When the leaves begin to turn and the air grows colder, something seems to awaken inside of me. Instead of going into hibernation mode, I discover a new energy and zest for life. With this comes the urgency to make the most out of my favorite season – fall. Whether it’s raking leaves, carving pumpkins, decorating the house or just enjoying some warm apple cider, it’s the perfect time of year to make memories and create traditions. One I make sure to include every year is visiting the Rutledge Corn Maze, just south of Tumwater, with my family. Full of great activities for everyone, it’s a must on our to-do list.

The Rutledge Corn Maze gave ThurstonTalk writer Jessica Hoppe the opportunity to see not only the maze, but Olympia from the sky. Photo credit: Jessica Hoppe.

This year will be even more special because this past summer I got the opportunity of a lifetime. The Rutledge family invited me to take a tour of this year’s maze, only this time from 1,000 feet above in a helicopter. Now, to be honest, the idea terrified me. I hate to fly. However, I knew I couldn’t pass this one up.

It’s not the first time they’ve taken to the skies to view their maze, Robby Rutledge tells me. In fact, Glacier Aviation has been doing this collaboration for the past eighteen years. Robby adds, “When we create a partnership with someone, we do it for the long haul. We are very loyal and believe in the local community. We love to give back.”

For many generations the Rutledge family has been in the Tumwater area, Robby shares with me. “Our family migrated over here across the Oregon Trail in the 1800s and we’ve been farming in the area ever since. That’s the short version,” he says with a laugh. Grandpa Rutledge originally focused on cattle, while also working at the Olympia Brewery. However, it soon became apparent that corn was going to be much easier than cows. At the Olympia Farmers Market you could find him selling his delicious corn.

This year’s design will be centered around the Bountiful Byway in collaboration with the Olympia Visitor’s Convention Bureau. Photo credit: Jessica Hoppe.

It wasn’t until 2000, however, that the family got into the corn maze business, becoming one of the first in the area and even the entire country. Originally, the designs were cut into the corn after it had matured but when a new method took shape, they took a chance. Robby explains, “We were the first corn maze in the world to ever be planted in. They use a GPS and a laptop in the tractor.” A national company called Maze Play gets their five acre maze done in roughly eight hours time. “It’s really down to a science. Sometimes I don’t have the design down fully, maybe I only have a few pictures. And it’s always ten times better than what I ever thought it would be,” Robby tells me.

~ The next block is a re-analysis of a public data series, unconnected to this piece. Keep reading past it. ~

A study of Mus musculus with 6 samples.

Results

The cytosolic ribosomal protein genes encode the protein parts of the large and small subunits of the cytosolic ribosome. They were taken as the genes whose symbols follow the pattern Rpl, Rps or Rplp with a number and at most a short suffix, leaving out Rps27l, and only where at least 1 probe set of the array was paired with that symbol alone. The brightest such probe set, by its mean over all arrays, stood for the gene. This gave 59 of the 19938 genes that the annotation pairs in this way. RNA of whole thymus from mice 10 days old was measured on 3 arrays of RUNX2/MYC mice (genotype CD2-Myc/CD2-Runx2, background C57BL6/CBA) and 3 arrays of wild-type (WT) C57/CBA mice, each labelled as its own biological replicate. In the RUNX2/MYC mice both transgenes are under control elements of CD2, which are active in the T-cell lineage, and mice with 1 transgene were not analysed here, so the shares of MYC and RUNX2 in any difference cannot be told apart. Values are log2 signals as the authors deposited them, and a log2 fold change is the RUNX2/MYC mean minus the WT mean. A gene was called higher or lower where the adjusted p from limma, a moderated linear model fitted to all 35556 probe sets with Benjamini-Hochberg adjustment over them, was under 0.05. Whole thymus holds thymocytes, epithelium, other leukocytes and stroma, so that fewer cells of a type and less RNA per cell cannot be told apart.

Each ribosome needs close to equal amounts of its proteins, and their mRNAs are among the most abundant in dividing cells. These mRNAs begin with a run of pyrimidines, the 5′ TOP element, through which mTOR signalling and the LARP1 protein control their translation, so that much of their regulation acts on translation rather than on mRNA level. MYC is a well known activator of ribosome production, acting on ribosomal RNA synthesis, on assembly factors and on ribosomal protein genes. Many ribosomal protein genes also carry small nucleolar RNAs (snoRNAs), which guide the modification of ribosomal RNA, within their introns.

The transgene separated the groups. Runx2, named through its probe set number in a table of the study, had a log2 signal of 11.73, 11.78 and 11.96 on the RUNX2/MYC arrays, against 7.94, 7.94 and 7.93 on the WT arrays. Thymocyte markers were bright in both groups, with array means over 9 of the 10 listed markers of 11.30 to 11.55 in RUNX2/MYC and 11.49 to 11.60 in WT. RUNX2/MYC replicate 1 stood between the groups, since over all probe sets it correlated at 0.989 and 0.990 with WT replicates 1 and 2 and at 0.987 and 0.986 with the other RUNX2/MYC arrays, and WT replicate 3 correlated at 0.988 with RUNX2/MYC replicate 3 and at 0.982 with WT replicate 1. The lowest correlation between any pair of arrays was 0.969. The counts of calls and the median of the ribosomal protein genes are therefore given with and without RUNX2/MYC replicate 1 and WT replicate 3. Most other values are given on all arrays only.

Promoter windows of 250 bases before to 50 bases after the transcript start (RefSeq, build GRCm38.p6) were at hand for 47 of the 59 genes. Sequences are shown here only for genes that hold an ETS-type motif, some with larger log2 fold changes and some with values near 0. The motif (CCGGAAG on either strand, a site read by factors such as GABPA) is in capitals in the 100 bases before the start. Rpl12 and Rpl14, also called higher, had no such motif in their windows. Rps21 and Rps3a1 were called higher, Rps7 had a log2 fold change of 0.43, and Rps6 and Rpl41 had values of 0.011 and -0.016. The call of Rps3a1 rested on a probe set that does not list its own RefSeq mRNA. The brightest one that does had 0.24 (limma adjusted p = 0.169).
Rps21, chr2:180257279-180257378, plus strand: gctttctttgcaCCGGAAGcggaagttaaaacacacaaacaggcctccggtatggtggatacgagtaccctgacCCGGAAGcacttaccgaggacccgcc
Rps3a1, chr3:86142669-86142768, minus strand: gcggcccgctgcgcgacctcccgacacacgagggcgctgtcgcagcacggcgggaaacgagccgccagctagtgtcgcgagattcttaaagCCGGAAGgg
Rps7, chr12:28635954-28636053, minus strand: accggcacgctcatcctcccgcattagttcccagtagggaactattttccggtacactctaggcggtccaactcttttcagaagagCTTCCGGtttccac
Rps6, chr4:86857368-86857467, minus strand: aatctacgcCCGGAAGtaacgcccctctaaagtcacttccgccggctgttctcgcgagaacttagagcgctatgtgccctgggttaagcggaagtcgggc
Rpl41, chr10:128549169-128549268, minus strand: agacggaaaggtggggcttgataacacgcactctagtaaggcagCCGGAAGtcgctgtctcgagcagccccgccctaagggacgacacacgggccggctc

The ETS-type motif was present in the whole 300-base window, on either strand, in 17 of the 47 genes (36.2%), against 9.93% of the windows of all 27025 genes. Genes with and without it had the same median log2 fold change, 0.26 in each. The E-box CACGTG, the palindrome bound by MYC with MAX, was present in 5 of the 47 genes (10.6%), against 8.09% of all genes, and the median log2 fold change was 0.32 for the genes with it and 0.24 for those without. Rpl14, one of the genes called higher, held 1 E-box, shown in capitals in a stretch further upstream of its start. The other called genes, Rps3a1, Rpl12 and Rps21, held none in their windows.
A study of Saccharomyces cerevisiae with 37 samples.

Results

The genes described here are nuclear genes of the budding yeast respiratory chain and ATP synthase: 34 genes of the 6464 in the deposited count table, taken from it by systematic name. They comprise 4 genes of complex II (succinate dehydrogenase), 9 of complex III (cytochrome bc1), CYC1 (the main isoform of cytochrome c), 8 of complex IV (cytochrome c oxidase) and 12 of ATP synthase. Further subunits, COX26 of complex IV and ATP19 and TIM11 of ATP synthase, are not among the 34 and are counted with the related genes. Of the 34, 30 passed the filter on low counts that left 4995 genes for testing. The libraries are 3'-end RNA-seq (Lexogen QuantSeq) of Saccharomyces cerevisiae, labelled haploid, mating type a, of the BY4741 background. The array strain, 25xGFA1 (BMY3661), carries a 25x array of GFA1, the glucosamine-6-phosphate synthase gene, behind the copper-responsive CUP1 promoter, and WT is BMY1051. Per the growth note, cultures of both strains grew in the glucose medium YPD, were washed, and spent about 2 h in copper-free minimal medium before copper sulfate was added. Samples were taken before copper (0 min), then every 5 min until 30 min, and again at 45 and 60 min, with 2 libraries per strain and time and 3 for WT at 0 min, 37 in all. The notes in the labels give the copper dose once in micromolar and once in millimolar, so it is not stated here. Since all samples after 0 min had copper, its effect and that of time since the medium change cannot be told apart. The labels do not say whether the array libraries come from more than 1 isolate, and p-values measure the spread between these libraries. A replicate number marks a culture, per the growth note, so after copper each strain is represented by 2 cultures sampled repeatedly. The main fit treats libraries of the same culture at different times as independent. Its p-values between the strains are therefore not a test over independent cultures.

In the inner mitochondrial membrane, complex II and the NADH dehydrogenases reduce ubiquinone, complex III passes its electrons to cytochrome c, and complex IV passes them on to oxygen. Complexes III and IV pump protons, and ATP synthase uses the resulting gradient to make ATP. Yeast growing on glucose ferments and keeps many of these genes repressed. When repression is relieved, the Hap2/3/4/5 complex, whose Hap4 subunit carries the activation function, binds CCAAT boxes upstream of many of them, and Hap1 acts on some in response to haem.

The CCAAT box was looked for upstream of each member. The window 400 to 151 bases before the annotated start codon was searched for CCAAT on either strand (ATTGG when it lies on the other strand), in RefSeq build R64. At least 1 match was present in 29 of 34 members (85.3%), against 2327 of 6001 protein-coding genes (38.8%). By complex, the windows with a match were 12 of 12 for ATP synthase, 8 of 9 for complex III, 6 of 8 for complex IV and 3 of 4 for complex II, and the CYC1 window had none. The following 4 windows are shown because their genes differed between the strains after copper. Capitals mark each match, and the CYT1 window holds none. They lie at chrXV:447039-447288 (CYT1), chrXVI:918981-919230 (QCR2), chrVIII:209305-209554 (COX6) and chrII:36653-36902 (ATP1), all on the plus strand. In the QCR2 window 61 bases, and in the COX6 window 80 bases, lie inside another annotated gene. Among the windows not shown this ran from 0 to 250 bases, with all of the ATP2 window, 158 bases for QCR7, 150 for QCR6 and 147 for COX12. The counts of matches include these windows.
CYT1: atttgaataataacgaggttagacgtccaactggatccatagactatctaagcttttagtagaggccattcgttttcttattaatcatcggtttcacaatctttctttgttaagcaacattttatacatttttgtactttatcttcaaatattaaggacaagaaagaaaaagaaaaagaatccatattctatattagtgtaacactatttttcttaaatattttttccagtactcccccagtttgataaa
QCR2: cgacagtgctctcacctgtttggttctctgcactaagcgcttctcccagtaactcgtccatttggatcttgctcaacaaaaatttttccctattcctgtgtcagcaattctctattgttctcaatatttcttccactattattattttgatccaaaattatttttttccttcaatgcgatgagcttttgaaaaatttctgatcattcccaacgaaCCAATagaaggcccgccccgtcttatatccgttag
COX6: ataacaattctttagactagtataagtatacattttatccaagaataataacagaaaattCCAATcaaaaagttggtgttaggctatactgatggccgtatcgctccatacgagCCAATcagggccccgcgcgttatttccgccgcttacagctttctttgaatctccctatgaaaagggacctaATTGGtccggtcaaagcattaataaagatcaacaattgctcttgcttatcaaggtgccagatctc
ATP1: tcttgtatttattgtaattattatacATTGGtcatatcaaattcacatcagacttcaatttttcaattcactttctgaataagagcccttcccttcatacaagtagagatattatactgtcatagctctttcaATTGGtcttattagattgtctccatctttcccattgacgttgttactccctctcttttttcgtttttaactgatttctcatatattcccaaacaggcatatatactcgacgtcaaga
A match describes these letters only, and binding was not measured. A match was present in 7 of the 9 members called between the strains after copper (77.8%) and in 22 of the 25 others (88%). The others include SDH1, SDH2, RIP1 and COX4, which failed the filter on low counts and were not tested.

Throughout the years, the Rutledge family has created a variety of different mazes including the Capitol Building, the Statute of Liberty, an image of Marshawn Lynch, Twilight Breaking Dawn, a train, a firetruck, a pirate and O’Bee Credit Union. The Rutledge family was excited to partner with Experience Olympia & Beyond – the Olympia-Lacey-Tumwater Visitor and Convention Bureau – to create a corn maze in the design of the Thurston Bountiful Byway logo. According to Robby, “We’re trying to really bring more attention to this wonderful 60 mile stretch of farmers markets, wineries, farms and other great stuff.”

Located just south of the Olympia Airport, the Rutledge Corn Maze is easy to find. Photo credit: Jessica Hoppe.

This scenic adventure tour includes not only the Rutledge Corn Maze, but also many other great stops along the way. Moira Davin, director of marketing and communications for Experience Olympia & Beyond, tells me they see the maze as the perfect jumping off point to get people excited. “Featuring the Bountiful Byway as the corn maze is a great way to spread the word about all the great fall events along the Byway. Families can share memorable moments while they pick a pumpkin, take a hay ride, sip award-winning apple cider or find their way through a corn maze,” Moira tells me.

While at the maze, make sure and look for all the different checkpoints along the way, which highlight different aspects of the Bountiful Byway. Loaded with facts and information, Robby says it’s a great way for people to learn something while having fun. “It’s amazing to me every year how many people come to the farm and the kids have no idea how things connect. Some kids don’t even know goats can produce milk. It’s all about educating the public.”

Robby Rutledge explains the many different aspects of creating the yearly corn maze. Photo credit: Jessica Hoppe.

Robby explains what keeps him motivated year after year is the customers he gets to interact with. “For me it’s just getting to meet all the new people every season and knowing that we’re helping to create a family tradition for everyone. We have families that come back year after year and tell us how great it is.”

This year with the Bountiful Byway at the forefront, it will be a new way to create even more family traditions. “We hope that the Byway corn maze will inspire visitors and locals to explore the other fall festivals along the tour, not far from Rutledge, and experience all the Byway has to offer all year round,” Moira explains. Because both the Rutledge Corn Maze and the Byway encourage families to get out and enjoy our local treasures, it really is a match made in heaven.